The Meyer Tools tour, "We Build Cool Stuff," kicked off with a presentation by self-described “mad scientist” Mr. Freeze (Jerry Zimmerman) from Fermi National Accelerator Laboratory (Fermilab), who manipulated everyday items with liquid nitrogen.

Science Chicago: Bringing fun to the periodic table

by Melissa Suran
Feb 12, 2009




This weekend at the Hyatt Regency Chicago, 151 E. Wacker, you can check out Family Science Days. A collaborative effort between Science Chicago and the American Association for the Advancement of Science, Family Science Days this Saturday and Sunday will feature exhibits and talks from a variety of speakers. Guests will include University of Chicago dinosaur hunter Paul Sereno and Josh Zepps from the Science Channel series “Brink.”


Either way, there’s much more to science than lab technicians and high school chemistry, and Science Chicago, a year long celebration of the sciences, makes it its mission to share it to the world. Or at least the Windy City.

Since it began in September, Science Chicago and its partners have produced over 1,000 science-related events in Chicago. It’s estimated that by the end of the 12-month project, over 2,000 events will have occurred.

“We have over 140 partners in the Chicago region who are committed to developing programs around what their mission is and how it connects with science,” said Cheryl Hughes, the executive director of Science Chicago.

Throughout the year, Science Chicago will feature events at some of the more prominent and prestigious institutions in the area, ranging from Fermi National Accelerator Laboratory to the University of Illinois at Chicago College of Museum. Many museums, including the Museum of Science and Industry and the Field Museum, will also open their doors to special events.

“We are working with local industries and corporations to open up behind the scenes tours for the public to see the economic impact of the sciences,” Hughes said.

Kurt Riesselmann, who helps organize Science Chicago events at Fermi Lab, said he is impressed with the volume of positive feedback the program has received.

“A lot of people don’t realize how many research institutions and scientific experiences there are here in Chicago,” Riesselmann said. “Putting together this plan to highlight all this and make it accessible to families and their kids is a wonderful thing.”

One of Science Chicago’s main events is a monthly session called Science Saturdays. For 10 out of the 12 months, about six to 10 institutions hold special events, including behind the scenes tours with lectures and hands-on experiments.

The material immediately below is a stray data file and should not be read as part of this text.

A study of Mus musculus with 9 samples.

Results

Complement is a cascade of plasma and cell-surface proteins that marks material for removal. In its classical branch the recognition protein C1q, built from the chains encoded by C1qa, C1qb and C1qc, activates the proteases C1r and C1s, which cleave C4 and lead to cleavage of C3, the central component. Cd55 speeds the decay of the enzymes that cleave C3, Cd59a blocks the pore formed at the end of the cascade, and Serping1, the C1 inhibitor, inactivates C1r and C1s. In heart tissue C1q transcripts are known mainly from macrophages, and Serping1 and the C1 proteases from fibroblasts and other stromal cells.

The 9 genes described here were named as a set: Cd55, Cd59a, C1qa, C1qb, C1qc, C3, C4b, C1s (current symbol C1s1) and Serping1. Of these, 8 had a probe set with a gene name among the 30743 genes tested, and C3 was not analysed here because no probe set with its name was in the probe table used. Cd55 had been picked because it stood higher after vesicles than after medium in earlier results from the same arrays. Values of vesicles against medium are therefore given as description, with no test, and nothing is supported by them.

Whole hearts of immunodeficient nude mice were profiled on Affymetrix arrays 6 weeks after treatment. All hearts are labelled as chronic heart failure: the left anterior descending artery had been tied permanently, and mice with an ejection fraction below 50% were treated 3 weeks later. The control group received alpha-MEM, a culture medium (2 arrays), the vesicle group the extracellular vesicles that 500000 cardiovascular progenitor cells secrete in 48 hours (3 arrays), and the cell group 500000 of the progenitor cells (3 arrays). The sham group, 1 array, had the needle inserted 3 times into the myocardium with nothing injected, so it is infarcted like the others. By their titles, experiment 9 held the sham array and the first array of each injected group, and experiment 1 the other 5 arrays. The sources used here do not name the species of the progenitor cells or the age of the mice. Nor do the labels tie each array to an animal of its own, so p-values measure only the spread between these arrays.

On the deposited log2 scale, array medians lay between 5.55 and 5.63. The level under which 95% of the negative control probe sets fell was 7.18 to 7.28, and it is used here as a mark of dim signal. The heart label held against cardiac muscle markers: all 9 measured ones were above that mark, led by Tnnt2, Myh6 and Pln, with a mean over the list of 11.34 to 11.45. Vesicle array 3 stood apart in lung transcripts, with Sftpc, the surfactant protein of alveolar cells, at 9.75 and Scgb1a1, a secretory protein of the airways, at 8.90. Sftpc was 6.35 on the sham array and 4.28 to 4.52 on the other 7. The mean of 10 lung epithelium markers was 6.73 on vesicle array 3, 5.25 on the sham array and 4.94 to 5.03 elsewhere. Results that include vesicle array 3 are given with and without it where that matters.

“They are very small and intimate groups of folks, generally less than 30 people on behind the scenes tours and they are $7 per person,” Hughes said. “However, we give away about 25 percent of the tickets to community groups so that families in underserved populations can attend the tours.”

Although some adults may sneer at hands-on experiments, labeling it as “kid stuff,” Science Chicago provides an array of learning experiences suitable for all ages.

“The topics being discussed are not entry-level topics,” Hughes said. “Science Saturdays is meant to [rouse] conversation within the research facility or with a scientist.”

On Feb. 21, the University of Illinois at Chicago will host two Science Saturday events, both featuring advanced subject matter.

The first will feature an interdisciplinary collaboration between mechanical engineering and orthopedics. Scientists from both fields will hold a special demonstration together where they will talk about replacing joints – and might even replace one onsite.

“They will probably have a cadaver and will actually show what they do, what’s they’re opening up, what they are looking for,” said Eileen Tanner, the Special Assistant for Campus Relations at UIC. “This is the real deal – this is real science.”

The second event will feature new virtual reality techniques that will one day take electronic imaging to new level.

“[Researchers] will show how these technologies are being used in new ways for the purpose of teleconferences where people are widely separated,” Tanner said.

Although Science Chicago partners including UIC and Fermi sponsor a handful of events, they don’t seem worried about running out of ways to captivate audience members.

“At Fermi Lab, we have more than 700 scientists working at the lab and they work on many different experiments, so there’s always something new to talk about,” Riesselman said. “It’s just a question of how many hours there are in the day.”